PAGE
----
Racial disparity in people raising care concerns

Jabeer Butt, chief executive, Race Equality Foundation

Black and minority ethnic (BME) people are less likely to raise concerns about the standard of care they receive than those from a non-BME background.

Research for the Care Quality Commission (CQC) found almost half of BME people with a previous mental health problem (48%) wanted to raise concerns about mental health services. This compared to 13% of non-BME people with a mental health problem.

Additionally, 84% of BME people with a mental health problem wanted to highlight issues or make complaints about the standard of their care more generally, in comparison to 63% of non-BME people with a mental health problem.

Reasons people did not want to feed back the standard of care they received included not knowing who to raise it with (33%) and not wanting to be a ‘troublemaker’ (33%). A third of people (37%) felt that nothing would be changed by speaking up.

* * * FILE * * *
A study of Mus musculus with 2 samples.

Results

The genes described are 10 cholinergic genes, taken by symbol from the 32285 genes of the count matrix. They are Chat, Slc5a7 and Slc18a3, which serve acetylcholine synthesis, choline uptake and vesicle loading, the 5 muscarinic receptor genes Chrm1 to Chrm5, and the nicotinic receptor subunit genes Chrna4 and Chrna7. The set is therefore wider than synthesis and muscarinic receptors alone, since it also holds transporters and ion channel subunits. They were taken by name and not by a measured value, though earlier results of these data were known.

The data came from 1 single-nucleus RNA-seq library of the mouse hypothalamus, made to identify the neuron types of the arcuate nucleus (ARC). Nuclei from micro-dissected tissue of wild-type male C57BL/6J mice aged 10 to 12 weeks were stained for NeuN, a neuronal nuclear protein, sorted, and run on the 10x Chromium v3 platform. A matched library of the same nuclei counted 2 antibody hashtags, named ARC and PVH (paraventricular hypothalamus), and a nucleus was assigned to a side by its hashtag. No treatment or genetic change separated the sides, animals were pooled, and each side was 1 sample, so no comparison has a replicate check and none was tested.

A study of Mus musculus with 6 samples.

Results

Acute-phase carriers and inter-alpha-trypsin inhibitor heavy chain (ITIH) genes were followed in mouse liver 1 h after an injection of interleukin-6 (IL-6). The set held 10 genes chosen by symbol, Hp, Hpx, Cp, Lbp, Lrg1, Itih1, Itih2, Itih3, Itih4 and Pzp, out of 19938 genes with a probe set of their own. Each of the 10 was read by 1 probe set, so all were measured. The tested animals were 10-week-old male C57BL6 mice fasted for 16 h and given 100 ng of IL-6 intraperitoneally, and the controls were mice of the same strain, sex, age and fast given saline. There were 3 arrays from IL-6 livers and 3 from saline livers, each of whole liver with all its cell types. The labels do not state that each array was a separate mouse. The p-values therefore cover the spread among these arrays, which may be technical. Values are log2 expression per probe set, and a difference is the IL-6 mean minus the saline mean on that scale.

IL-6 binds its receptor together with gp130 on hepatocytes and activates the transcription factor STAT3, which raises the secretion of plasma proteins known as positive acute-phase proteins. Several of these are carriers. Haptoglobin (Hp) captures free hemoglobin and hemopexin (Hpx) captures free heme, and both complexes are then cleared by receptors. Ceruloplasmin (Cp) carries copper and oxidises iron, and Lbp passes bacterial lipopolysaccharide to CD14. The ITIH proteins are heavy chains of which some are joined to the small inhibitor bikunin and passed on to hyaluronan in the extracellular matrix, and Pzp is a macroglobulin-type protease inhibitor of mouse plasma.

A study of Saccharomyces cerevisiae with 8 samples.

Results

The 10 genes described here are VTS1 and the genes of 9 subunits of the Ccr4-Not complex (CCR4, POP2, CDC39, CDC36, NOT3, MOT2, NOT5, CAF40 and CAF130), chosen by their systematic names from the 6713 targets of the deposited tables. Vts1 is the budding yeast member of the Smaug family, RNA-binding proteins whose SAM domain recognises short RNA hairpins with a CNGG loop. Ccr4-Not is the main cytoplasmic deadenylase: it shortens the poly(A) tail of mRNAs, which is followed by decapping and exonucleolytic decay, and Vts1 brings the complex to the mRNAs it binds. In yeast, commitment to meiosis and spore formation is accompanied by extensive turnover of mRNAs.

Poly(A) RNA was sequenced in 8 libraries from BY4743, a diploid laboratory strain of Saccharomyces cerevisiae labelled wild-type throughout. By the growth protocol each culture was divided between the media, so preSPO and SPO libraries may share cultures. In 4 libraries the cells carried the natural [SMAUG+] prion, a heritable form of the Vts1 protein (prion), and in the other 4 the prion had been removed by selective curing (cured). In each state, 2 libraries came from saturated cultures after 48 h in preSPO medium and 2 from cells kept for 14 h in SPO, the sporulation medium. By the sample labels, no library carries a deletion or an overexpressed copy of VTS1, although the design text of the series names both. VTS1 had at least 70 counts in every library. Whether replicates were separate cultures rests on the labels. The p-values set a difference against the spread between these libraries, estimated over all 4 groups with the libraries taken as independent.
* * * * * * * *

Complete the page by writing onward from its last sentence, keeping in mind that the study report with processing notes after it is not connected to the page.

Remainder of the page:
When people did raise a concern or complaint, the majority (66%) found their issue was resolved quickly.

The research looked at people in England who have had a health service (NHS and private) or social care experience in the past five years, either as a patient or carer. A total of 2,002 people were surveyed as part of the regulator’s ‘Declare your Care’ campaign.

Ian Trenholm, CQC chief executive, said: ‘These findings demonstrate that there is still a significant disparity across different groups when it comes to providing feedback about standards of healthcare services. It is essential that everyone feels comfortable and confident about raising concerns about their care.’

Jabeer Butt, Race Equality Foundation chief executive, said: ‘We need to work together to build trust, so that when people do want to complain they can do so with confidence that action will be taken. That first step of speaking out can be very difficult, but it is absolutely necessary if we want things to get better.’